PORTSMOUTH, R.I. — The Rhode Island Department of Health (RIDOH) urges all Rhode Islanders to protect themselves against the elevated heat indexes forecasted for the coming week with a few simple health precautions.
Heat indexes above 90 degrees are expected from Sunday through the Fourth of July.
“Extreme heat can be quite dangerous, particularly for our young and elderly Rhode Islanders,” said Director Health Nicole Alexander-Scott, MD, MPH. “It’s important to check on each other, stay well hydrated, limit exposure to heat, and to be vigilant for signs of heat-related illness.”
To protect yourself and your family from heat-related illness, take the following precautions:
– Drink more fluids than usual, and don’t wait until you’re thirsty to drink more fluids.
– Avoid alcohol or liquids that contain high amounts of sugar.
– Check on friends and neighbors, particularly those who are caring for young children and those who are elderly.
– Stay in air-conditioned buildings as much as possible. If you don’t have air conditioning at home, head to a community-based cooling center, such as a shopping mall or library, if possible.
– Stay out of the sun. Find a shaded area where you can sit and relax, particularly during the hottest parts of the day.
– Wear lightweight, light-colored clothing. Add a hat if you must be outside.
– Limit outdoor activities, especially at mid-day. If you exercise outdoors, move your workout to a morning or evening time, take it indoors to an air-conditioned environment, or try swimming, which is a great summer exercise. If you work outside, wear sunscreen (re-apply frequently), pace your activity, stay hydrated, and check on co-workers.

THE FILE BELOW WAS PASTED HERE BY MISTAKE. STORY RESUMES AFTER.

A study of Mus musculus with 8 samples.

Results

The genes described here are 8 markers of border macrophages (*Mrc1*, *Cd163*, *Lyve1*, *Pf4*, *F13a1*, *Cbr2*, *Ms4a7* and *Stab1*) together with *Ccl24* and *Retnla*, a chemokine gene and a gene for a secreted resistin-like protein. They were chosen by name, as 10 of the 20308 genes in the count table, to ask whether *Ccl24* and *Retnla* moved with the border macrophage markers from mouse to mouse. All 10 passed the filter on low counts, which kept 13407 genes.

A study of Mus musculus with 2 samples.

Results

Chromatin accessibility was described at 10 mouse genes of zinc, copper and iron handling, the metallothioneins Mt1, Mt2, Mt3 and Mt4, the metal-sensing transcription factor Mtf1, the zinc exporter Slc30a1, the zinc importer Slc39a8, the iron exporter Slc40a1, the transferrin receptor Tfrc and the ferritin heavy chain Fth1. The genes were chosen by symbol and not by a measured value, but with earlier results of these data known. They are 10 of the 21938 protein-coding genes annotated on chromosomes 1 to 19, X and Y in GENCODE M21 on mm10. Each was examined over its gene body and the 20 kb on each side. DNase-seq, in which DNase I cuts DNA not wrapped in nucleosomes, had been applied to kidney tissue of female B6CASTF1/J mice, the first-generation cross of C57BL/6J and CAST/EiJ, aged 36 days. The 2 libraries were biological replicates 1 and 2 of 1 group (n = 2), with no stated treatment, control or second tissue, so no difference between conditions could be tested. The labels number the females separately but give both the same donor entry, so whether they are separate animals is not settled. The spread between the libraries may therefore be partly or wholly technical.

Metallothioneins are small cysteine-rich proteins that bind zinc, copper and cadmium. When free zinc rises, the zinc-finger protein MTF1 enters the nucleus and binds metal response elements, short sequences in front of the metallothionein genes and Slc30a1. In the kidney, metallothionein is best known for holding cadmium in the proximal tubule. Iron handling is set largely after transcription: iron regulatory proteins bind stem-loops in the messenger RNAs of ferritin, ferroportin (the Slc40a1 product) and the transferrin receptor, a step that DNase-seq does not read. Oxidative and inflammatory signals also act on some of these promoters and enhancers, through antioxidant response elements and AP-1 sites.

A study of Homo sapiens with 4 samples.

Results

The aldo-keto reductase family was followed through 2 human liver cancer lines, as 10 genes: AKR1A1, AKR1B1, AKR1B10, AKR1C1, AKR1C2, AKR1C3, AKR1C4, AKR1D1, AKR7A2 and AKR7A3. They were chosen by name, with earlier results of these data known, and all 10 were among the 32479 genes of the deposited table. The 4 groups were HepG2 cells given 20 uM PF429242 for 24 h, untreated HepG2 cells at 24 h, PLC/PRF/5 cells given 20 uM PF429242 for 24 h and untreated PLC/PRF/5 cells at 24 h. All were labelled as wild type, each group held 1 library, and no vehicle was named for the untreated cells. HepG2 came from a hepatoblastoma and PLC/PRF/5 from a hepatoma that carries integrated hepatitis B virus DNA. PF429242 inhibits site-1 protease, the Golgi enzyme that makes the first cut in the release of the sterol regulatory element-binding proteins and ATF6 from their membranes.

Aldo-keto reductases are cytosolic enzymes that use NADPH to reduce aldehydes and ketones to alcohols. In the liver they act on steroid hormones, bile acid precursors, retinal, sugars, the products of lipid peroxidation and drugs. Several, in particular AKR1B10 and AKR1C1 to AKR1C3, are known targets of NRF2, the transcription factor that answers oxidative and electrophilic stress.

– Take cool showers or baths to cool down, particularly if you’re unable to be in an air-conditioned location.
– Avoid turning on your oven, if possible. It will make your house hotter.
– Never leave young children or pets in parked cars, even with the windows down.
Heat-related illness, including heat exhaustion and heat stroke, are of particular concern during periods of extreme heat. Heat exhaustion symptoms include heavy sweating, weakness, cold, pale or clammy skin, a fast or weak pulse, nausea or vomiting, and fainting.
Individuals who have symptoms of heat exhaustion should move to a cooler location, lie down, loosen clothing, sip water, and apply cool, wet cloths to help cool the body down. Seek medical attention if vomiting begins, or if symptoms get worse or last longer than one hour.
Heat stroke symptoms include high body temperature (above 103 degrees F), combined with hot, red, dry or moist skin, rapid and strong pulse, confusion, and losing consciousness (passing out). Heat stroke is a medical emergency and 911 should be called immediately.
Individuals experiencing heat stroke symptoms should also be moved to a cooler environment. Apply cool cloths or place the person into a cool bath to lower body temperature.